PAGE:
What it means when open source is no longer the underdog

The days of "open source good" and "closed source bad" are over. The knees won't jerk that way any more. Questions are going to be raised. Motives are going to be challenged.

There has been a sea change in public opinion.

Google is now seen as the evil empire. Microsoft, they're the feisty little guys up in Washington state.

The change has also been marked by a new attitude toward open source. Google's delivery of open source code for Living Stories is treated as ho-hum. The donation of $2 million to Wikimedia is quickly followed by snark. Is that all they're giving? Well, their search engine likes Wikipedia best.

Forget how cool Living Stories is, or the effort that went into creating it. There must be some hidden agenda.

It reminds me of the Monty Python "Dennis Moore" sketch (above). The poor become the rich, the rich poor. This redistribution of wealth is trickier than I thought.

The initial impacts of this changed attitude are being felt by Google, which has long used open source donations to maintain goodwill, a vital asset in a business environment that can abandon you at the click of a mouse.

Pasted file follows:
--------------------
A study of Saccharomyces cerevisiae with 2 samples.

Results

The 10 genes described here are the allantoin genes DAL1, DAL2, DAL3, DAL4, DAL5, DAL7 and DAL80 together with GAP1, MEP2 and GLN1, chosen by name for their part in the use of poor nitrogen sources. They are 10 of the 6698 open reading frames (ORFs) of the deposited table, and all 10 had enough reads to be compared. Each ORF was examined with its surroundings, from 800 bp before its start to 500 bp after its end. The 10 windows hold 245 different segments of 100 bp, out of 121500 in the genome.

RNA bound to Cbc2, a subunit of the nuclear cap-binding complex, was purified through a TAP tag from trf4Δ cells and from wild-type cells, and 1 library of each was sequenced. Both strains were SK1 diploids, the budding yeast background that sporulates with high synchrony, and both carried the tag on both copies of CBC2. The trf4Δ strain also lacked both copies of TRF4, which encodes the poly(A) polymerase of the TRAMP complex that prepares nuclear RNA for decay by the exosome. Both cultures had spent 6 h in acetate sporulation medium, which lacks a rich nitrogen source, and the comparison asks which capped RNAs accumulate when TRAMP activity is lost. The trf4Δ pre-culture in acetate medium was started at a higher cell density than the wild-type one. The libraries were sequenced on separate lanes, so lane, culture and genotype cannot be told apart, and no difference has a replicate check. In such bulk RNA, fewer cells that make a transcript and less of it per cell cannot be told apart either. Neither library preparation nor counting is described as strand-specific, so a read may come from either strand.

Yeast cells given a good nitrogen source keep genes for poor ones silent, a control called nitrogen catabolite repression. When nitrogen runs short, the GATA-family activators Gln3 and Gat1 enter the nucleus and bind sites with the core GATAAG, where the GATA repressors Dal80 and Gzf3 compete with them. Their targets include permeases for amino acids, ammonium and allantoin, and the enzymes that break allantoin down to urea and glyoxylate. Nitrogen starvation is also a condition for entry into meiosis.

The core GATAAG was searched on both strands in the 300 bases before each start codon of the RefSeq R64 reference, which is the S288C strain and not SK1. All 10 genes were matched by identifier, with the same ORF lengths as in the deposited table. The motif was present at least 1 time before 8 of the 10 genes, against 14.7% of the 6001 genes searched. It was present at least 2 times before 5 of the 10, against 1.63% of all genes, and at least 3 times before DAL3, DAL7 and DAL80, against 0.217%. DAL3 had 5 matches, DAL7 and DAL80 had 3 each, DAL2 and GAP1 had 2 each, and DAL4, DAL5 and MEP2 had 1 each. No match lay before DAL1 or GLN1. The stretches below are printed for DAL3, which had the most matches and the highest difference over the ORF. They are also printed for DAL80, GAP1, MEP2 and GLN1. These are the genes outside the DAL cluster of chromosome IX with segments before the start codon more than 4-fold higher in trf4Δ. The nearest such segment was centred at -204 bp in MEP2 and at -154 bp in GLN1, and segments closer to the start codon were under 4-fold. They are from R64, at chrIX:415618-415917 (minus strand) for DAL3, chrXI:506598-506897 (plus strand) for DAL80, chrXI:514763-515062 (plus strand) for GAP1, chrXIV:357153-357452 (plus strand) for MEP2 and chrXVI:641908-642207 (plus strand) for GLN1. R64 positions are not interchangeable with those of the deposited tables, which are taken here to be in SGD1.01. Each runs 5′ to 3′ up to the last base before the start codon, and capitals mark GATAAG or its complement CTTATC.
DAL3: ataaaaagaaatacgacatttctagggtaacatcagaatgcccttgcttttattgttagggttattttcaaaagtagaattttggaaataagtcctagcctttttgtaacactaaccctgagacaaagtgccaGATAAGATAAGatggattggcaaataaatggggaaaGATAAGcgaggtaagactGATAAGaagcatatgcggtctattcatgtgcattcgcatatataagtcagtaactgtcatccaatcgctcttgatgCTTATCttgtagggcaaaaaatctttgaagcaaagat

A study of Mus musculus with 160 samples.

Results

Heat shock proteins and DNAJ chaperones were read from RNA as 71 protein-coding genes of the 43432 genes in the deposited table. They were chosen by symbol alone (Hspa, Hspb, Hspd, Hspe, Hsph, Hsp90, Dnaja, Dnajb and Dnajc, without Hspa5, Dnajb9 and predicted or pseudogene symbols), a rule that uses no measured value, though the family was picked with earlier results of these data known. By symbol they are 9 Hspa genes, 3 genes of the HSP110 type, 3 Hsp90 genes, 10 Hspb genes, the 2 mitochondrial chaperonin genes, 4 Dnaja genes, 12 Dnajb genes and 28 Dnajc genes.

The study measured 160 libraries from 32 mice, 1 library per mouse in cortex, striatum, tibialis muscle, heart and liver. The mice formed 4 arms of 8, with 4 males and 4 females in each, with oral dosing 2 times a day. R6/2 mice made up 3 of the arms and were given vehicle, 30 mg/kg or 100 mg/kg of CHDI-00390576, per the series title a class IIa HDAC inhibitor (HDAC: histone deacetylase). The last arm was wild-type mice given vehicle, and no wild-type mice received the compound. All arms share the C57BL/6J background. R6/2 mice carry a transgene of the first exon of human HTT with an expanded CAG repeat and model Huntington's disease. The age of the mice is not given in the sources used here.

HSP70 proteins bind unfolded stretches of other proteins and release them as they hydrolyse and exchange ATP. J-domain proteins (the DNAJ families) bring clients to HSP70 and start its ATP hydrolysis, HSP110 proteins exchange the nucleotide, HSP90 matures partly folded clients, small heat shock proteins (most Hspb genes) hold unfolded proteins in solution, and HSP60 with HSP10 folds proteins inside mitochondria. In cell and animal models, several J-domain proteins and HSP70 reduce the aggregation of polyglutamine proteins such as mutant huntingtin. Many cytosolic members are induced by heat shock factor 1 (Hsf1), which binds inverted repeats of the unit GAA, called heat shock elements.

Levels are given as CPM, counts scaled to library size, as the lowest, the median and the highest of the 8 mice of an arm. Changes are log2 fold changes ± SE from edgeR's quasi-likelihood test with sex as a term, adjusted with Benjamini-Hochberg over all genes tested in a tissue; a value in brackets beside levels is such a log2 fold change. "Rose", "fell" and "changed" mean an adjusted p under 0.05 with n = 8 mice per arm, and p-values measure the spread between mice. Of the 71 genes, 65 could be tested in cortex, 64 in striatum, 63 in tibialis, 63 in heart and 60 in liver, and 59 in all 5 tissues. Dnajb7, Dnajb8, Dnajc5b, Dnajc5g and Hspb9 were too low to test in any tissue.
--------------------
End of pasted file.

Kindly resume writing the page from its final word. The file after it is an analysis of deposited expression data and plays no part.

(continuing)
The game is no longer working.

Every donation is now questioned. The attitude that Google wants to "control the Internet," along with its content and access, has spread beyond its Bellhead lair and into the general public, making anti-Google acts like France's "online ad" tax seem more acceptable.

I predict these anti-Google rumblings are going to start hitting open source, too, and soon. There are always dual motives in open source -- it's part of the business world after all. There is an assumption that open source steals jobs, and drives down tech wages, which is growing.

It may be too late to put the open source genie back. And it's true that the gains of open source, its value, accrue mainly to customers large and small, not to open source companies, and not even to programmers.

But the days of "open source good" and "closed source bad" are over. The knees won't jerk that way any more. Questions are going to be raised. Motives are going to be challenged.

I count this as a sign of success. What do you think it is?